Allied Armies Team Championship history
The Allied Armies (also known as the Friendly Armies Spartakiad) was an annual event grouping Warsaw Pact member countries. It proved to be a semi-professional event since majority of strongest participating players were in fact chess professional representing clubs under military tutelage. Only few of them were in fact soldiers serving in active duty. It was a common praxis in the countries of the Communist bloc to pay army-sponsored salaries to the chess professional grouped under auspices of military club.
The preview show of the Allied Armies championship occured in Warsaw, 1963 where five military teams competed in a friendly tournament to celebrate 20th anniversary of Polish People's Military.
|The Warsaw Pact
|The Warsaw Pact was a military pact of Eastern European Communist states established in 1955 to counter the perceived threat from the NATO alliance (members: USSR, Poland, Bulgaria, Czechoslovakia, Hungary, Romania, East Germany, Albania [left in 1968], but not Yugoslavia!). It was purely a Soviet organization to create an illusion of the equality of satellite states. The foreign officers stationed in its headquarters in Moscow didn't even have access to the floors of the Central Command and their role was that of messengers transmitting Soviet orders to the Defence Ministries and Central Committees of their respective states. They didn't participate in any decision-making meetings. -- Chrystian Kretowicz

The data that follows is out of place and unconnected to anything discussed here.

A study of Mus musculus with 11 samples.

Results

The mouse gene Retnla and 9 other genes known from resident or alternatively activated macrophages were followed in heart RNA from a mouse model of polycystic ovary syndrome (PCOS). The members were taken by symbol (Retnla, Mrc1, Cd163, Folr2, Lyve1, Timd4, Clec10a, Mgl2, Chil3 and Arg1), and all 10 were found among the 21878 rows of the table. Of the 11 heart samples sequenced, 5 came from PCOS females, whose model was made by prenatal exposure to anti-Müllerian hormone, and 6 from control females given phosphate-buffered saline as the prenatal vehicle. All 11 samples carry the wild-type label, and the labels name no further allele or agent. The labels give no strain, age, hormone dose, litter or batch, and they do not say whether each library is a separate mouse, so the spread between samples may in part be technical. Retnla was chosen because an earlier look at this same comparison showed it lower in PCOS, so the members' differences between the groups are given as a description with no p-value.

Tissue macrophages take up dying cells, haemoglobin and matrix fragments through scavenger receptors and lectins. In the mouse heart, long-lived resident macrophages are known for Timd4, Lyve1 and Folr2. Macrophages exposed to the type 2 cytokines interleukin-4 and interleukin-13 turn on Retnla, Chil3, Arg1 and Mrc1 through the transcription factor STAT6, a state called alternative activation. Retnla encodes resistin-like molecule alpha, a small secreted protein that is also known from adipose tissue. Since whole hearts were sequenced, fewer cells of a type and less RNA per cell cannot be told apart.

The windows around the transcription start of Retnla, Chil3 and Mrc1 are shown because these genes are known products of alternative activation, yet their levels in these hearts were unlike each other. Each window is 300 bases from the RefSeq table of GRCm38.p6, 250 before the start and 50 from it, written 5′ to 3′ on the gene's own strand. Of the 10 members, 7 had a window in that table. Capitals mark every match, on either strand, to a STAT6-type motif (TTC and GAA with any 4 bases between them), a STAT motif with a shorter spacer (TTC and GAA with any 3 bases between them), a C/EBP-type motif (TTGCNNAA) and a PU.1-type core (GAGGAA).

Soon chess was listed as one of disciplines held along with the Military Spartakiads. (The Spartakiads were sports events that the Soviet Union attempted to oppose the Olympics. The name, derived from the name of the slave rebel leader, Spartacus, was supposed to symbolize proletarian internationalism.). The premier edition of the Allied Armies Championship took place in Moscow in 1964 and was an individual event. Vasiukov and Savon came in tied first. On the next year Savon won ahead of Vasiukov. Hort of Czechoslovakia and Zhelandinov were winners of 1966 edition. The fourth championship was held in Cuba and Hort won ahead of Vasiukov. In 1968 (from unknown reasons) is was decided that the event will be a team tournament. Czechoslovakia caused sensation defeating USSR. On the next years only three teams arrived to Warsaw and the Red Army team (the Soviet Union) won with comfortable margin. Third team contest was in Budapest in 1970. The Soviets won the challenge trophy yet another time. On the next year an individual tournament was organized in Tbilisi, won by the Latvian Zhuravlev. Ninth edition took place in 1974 in Leningrad. Eleventh and last Army championship was organized in Tbilisi, 1986 as a team tournament. The strong Red Army team won ahead of Hungary. Then the competition ceased to exist, simply because of the breakdown of the Communist Bloc in 1989.
The Allied Armies Team Championship was not a very big, yet interesting event. A number of strong players, including legendary players like Geller, Vasiukov or Jansa were taking part. Poland were doing exceptionally good throughout the competition winning three podium positions while they were not expected to do so.